Ski co-op closes financial gap

A LOCAL non-profit group that wants to buy the Shames Mountain ski facility is working away at closing a financing gap of nearly $300,000 this year and several hundred thousand dollars more in succeeding years.

  • Oct. 12, 2011 10:00 a.m.

A LOCAL non-profit group that wants to buy the Shames Mountain ski facility is working away at closing a financing gap of nearly $300,000 this year and several hundred thousand dollars more in succeeding years.

My Mountain Co-op has raised about $380,000 so far to buy the mountain but needs $550,000 for the purchase price and is spending approximately $250,000 this year on mountain and facilities maintenance and a further $150,000 on other equipment as well as maintaining an operating account of $60,000.

A preliminary purchase agreement

negotiated with the Shames Mountain Ski Corporation, the current owners of the Shames facility, calls for a three-year

payout requiring $200,000 this year and

the remaining $350,000 in the next two years.

Based on that first payment for this year and the work and expenditures on the mountain that are now underway leading to a winter opening, the shortfall this year is $280,000.

The co-op does, however, have $100,000 from the Kitimat-Stikine regional district and $15,000 each from the Kitimat and Terrace municipal governments. But that money can only be used for operating

expenses and cannot be applied to the purchase price.

My Mountain director Curtis Billey is confident the group will close the gap based on getting corporate grants and negotiations underway at several levels.

“There’s some very big [industry] players right now who want to see the ski hill go,” said Billey last week. “We are confident.”

And he said the co-op, in negotiating a final sales agreement with the Shames Mountain Ski Corporation, is pursuing a purchase price that’s lower than the

$550,000 in the preliminary sales agreement.

The co-op hopes to make a lower price more attractive to the corporation by paying it all at one time as opposed to a three-year disbursement, Billey said.

As for potential private sector donors, Billey and another director, Linda Parker, mentioned Rio Tinto Alcan as an interested party while at an Oct. 3 Kitimat council meeting.

They said, in asking Kitimat council for $15,000, that Rio Tinto Alcan has told the co-op the chances of getting money were stronger if they could show community support.

That didn’t convince Kitimat councillor Gerd Gottschling who said the Shames Mountain ski history has been one of financial red ink.

But councillor Mario Feldhoff said Shames added quality of life to the area and helped attract residents.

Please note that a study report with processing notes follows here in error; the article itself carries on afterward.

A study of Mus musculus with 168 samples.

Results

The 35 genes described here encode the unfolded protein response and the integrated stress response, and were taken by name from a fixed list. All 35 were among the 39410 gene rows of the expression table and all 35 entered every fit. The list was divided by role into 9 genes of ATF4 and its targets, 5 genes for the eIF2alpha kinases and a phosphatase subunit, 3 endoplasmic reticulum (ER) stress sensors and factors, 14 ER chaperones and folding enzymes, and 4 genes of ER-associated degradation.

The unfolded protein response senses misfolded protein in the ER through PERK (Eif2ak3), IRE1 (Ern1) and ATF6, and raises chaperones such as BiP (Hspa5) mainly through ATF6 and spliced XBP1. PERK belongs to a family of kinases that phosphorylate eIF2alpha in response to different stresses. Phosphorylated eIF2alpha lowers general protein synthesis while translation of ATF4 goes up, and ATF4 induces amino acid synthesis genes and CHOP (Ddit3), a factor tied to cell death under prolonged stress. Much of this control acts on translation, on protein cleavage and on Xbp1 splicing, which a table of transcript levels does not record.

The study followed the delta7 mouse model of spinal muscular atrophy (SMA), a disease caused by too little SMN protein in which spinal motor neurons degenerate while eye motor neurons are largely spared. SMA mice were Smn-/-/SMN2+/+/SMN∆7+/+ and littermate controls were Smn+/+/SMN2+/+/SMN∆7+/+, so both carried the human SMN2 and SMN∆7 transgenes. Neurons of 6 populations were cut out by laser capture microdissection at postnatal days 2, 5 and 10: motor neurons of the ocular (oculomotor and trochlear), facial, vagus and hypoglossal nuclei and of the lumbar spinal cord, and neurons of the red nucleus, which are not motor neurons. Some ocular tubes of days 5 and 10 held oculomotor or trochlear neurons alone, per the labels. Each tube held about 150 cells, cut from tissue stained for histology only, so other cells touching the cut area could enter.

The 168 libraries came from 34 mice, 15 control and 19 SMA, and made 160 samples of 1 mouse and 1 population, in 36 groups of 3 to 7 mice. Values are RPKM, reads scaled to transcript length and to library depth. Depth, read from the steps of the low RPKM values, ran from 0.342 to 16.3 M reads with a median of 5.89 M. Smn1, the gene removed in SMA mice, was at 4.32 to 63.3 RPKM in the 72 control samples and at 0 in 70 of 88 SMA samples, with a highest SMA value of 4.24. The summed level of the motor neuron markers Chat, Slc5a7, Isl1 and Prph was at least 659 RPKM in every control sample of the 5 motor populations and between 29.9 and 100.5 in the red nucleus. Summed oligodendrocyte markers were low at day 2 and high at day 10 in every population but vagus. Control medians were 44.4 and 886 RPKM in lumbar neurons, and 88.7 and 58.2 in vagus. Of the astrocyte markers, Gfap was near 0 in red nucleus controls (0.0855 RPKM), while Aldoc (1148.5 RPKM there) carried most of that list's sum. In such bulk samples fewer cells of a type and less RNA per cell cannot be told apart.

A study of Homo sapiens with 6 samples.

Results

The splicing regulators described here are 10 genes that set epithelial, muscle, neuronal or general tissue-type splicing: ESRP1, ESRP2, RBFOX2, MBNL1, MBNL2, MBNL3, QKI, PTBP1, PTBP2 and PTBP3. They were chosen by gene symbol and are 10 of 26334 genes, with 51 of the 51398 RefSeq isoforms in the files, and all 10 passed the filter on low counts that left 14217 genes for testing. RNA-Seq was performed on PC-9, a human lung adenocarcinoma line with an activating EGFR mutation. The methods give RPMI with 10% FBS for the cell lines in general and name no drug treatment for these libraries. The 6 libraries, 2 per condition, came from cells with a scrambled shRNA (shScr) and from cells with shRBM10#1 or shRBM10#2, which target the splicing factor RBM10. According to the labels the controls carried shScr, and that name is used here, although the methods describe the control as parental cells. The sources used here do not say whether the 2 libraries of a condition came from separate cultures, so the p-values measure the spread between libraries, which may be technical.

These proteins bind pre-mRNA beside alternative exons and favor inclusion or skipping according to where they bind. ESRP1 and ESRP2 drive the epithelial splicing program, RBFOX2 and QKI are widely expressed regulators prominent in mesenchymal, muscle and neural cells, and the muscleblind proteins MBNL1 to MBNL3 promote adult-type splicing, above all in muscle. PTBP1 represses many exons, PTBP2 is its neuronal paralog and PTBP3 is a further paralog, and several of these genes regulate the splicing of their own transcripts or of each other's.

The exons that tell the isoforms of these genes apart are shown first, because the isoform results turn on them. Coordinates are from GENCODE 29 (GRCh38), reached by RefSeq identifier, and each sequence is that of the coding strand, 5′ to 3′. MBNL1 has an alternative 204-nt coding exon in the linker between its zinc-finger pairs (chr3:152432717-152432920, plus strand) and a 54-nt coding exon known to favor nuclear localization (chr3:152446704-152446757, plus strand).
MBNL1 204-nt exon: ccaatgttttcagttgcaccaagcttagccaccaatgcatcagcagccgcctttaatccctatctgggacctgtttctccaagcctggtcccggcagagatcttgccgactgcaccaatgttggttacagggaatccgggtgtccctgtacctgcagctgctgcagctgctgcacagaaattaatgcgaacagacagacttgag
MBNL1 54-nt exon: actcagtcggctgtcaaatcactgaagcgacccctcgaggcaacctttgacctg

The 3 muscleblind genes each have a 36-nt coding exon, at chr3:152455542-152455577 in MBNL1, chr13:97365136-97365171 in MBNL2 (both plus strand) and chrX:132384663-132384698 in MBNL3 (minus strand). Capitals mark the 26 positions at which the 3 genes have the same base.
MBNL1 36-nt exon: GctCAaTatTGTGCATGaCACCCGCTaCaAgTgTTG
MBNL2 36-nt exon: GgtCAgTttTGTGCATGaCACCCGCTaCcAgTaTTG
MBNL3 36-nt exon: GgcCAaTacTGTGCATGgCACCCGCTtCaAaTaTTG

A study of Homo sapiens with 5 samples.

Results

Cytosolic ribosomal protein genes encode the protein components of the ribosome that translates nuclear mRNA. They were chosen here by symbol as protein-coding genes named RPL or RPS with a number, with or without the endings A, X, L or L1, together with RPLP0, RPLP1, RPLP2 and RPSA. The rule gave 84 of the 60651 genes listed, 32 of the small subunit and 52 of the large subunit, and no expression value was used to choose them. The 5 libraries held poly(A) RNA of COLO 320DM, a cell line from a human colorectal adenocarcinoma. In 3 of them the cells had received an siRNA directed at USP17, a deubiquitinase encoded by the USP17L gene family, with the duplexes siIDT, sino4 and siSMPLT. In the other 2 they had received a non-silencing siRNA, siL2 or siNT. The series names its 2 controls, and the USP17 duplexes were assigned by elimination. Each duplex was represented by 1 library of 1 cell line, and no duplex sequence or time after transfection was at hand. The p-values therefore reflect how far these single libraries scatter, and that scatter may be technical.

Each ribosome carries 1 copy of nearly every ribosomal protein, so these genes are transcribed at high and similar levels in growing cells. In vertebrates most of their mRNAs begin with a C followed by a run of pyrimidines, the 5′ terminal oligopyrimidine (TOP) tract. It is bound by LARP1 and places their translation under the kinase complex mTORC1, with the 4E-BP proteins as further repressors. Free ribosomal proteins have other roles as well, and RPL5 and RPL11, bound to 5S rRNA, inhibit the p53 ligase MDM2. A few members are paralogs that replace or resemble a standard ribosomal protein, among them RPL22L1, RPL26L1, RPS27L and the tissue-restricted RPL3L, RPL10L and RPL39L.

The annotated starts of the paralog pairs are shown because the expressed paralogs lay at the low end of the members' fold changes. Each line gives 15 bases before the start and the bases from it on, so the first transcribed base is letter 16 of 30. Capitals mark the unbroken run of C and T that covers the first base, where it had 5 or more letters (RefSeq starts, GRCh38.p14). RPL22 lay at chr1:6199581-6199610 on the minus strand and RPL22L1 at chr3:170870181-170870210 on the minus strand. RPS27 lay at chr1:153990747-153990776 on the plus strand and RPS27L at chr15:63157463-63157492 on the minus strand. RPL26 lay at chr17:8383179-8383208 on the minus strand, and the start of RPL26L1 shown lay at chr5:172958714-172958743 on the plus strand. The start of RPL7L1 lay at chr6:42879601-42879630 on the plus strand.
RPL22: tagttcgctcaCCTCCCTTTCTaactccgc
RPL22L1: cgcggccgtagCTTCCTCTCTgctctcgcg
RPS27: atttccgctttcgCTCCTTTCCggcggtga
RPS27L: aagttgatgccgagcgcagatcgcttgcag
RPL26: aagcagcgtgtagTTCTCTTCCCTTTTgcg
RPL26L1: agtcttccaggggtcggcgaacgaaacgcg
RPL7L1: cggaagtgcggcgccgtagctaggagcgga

Gottschilling was joined by Kitimat councillor Randy Halyk in opposing a motion to provide the co-op with $15,000.

“We have to be really careful where we spend our money and I believe we need to spend it in the community, not outside of it,” said Halyk.

The motion, which passed by a 5-2 margin, also said the money is to be used only for operation expenses.

Rio Tinto Alcan official Colleen Nyce confirmed last week it has been talking with the co-op about some kind of financial assistance.

“We’re now waiting for them to come back with a business plan,” she said. “We’re asking them to show us how it would be a sustainable operation.”

Nyce said Rio Tinto Alcan would be more willing to provide some kind of assistance in purchasing the mountain than in aid for expenses every year.

“If it was a case of them having to come back year after year, then it would not be sustainable,” she said. “That would be a false sustainability. They would need to show a sustainable business plan.”

Nyce said Rio Tinto Alcan does recognize the role Shames Mountain plays in adding to recreational opportunities.

“It’s a great regional asset for young and old,” she said.

A successful sale by the Shames Mountain Ski Corporation of the mountain facilities to the co-op also requires a resolution of the more than $850,000 the corporation owes the provincial government.

The majority, $420,000, dates back to a tourism development loan taken out by the corporation and the rest is money the corporation hasn’t paid the province to lease the mountain.

There are now reports the ski corporation has been successful in reducing the loan amount and there were earlier suggestions the co-op would assume responsibility for the unpaid lease amount.

In the meantime, the co-op was at Prince Rupert’s city council meeting last night asking for $15,000.

First requests made by the co-op to Terrace, Kitimat, Prince Rupert and the regional district for $200,000 each were all turned down.